Labour to reopen Livingstone probe after Khan leads condemnation of failure to expel ex-London mayor

Ken Livingstone Leave Millbank Amid Calls For His Resignation
Labour ruled that Livingstone's suspension would be extended by a year. (Source: Getty)

The Labour party's national executive committee (NEC) will take another look at the case surrounding anti-Semitic remarks made by Ken Livingstone.

Labour leader Jeremy Corbyn said today that Livingstone’s comments have been "grossly insensitive, and he has caused deep offence and hurt to the Jewish community", and said the NEC would be examining Livingstone's comments and actions, following representations from party members.

"Labour's independently elected National Constitutional Committee has found Ken guilty of bringing the party into disrepute and suspended him for two years," Corbyn added.

"It is deeply disappointing that, despite his long record of standing up to racism, Ken has failed to acknowledge or apologise for the hurt he has caused. Many people are understandably upset that he has continued to make offensive remarks which could open him to further disciplinary action.

"Since initiating the disciplinary process, I have not interfered with it and respect the independence of the party’s disciplinary bodies. But Ken’s subsequent comments and actions will now be considered by the National Executive Committee after representations from party members."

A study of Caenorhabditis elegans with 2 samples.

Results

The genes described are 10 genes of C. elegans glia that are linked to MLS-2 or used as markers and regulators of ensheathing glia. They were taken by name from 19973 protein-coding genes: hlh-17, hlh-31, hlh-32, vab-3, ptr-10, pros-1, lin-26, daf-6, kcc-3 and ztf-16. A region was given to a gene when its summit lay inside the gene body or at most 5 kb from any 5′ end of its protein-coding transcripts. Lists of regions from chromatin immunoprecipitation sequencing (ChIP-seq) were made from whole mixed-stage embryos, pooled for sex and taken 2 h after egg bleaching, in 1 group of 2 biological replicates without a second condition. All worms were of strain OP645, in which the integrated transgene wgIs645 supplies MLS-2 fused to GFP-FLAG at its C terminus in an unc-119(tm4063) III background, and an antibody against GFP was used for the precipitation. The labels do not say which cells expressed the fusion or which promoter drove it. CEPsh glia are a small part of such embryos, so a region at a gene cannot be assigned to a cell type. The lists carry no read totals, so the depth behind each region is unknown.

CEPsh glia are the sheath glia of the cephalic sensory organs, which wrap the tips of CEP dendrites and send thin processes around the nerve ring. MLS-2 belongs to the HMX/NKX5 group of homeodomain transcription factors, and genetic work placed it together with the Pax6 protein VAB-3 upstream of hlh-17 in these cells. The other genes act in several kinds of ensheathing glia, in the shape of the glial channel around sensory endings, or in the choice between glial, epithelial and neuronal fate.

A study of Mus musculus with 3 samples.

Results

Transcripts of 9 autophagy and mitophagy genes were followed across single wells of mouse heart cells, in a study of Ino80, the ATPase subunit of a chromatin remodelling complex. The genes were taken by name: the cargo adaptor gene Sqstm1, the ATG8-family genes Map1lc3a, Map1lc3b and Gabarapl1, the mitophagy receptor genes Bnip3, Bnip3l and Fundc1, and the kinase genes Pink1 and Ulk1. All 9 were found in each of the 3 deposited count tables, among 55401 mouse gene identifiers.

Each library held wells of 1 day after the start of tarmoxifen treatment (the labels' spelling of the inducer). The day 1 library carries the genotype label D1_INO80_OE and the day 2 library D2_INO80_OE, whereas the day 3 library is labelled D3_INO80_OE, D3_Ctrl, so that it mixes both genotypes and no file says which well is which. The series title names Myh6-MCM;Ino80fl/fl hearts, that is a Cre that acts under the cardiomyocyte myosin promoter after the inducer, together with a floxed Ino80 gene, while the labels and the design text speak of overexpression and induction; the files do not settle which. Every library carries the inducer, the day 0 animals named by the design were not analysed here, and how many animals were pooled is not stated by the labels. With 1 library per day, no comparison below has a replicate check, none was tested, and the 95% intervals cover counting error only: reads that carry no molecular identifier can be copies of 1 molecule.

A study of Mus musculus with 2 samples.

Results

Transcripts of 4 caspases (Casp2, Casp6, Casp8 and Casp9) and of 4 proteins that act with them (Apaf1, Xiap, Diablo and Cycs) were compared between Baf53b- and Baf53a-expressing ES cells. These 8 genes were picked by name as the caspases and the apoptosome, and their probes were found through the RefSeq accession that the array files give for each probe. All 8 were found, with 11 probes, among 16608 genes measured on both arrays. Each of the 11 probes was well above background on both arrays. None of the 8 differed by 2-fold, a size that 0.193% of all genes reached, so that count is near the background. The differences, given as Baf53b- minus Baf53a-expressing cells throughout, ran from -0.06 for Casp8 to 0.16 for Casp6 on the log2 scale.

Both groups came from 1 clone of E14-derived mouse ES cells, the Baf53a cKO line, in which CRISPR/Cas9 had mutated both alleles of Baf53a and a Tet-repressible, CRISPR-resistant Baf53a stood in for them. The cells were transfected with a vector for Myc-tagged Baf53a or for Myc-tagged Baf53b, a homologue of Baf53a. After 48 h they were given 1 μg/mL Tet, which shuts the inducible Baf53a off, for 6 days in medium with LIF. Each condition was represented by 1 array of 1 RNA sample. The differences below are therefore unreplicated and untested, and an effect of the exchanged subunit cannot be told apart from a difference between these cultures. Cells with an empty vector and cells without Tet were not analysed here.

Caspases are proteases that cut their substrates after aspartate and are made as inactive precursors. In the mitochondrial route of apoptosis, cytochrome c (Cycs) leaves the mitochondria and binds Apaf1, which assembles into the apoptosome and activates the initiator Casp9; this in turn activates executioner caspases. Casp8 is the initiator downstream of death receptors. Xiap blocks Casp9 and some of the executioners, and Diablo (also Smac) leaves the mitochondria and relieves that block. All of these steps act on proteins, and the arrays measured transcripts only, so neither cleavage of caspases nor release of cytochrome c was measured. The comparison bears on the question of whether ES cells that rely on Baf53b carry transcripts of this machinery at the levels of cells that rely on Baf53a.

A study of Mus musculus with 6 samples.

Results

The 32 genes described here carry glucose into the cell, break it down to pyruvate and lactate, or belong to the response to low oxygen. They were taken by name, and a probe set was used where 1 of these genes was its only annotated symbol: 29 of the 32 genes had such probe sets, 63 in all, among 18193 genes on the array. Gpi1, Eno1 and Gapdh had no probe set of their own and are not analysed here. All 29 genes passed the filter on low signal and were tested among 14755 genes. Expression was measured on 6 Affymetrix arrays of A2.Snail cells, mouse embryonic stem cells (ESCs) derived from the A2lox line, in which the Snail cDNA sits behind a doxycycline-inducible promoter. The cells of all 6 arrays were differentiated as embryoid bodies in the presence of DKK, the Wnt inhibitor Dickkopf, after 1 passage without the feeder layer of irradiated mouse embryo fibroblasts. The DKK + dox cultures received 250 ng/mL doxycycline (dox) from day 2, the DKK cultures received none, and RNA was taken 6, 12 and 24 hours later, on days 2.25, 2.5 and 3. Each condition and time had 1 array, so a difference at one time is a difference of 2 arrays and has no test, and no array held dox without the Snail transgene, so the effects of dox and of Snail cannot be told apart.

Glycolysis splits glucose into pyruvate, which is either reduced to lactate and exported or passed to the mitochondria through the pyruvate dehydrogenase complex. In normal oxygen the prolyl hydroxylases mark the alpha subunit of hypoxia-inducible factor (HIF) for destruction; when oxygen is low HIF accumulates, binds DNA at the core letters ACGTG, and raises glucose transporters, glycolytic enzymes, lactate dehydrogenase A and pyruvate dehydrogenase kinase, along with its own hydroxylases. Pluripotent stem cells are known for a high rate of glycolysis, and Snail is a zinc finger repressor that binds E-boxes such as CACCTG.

Sadiq Khan and Labour deputy leader Tom Watson were among the leading Labour figures who condemned the party's failure to expel Livingstone today.

Last night Labour revealed that the former London mayor would be suspended for an additional year for his repeated claim that Adolf Hitler supported zionism, a decision Livingstone vowed to fight.

Khan and Watson have both slammed the verdict.

Khan branded the decision to allow Livingstone to remain a Labour member "deeply disappointing". "As the Labour Party it is our duty to lead by example and demonstrate that we take a zero-tolerance approach towards anti-Semitism wherever we find it. Sadly this gives the impression we are not fulfilling that duty," he added.

Read More: Livingstone blames Blairites for anti-semitism furore

Meanwhile, the Labour deputy leader said his party's failure to expel Livingstone was "inexplicable".

"It isn't just Jewish people who feel offended and disgusted by what Mr Livingstone said and by the way he has conducted himself over this matter, and it isn't just Jewish Labour members who feel ashamed of any indulgence of his views anywhere in the Labour party," said Watson.

This shames us all, and I'm deeply saddened by it.

Other senior Labour figures including shadow cabinet members have also blasted the decision, including shadow international trade secretary Barry Gardiner and shadow health secretary Jonathan Ashworth.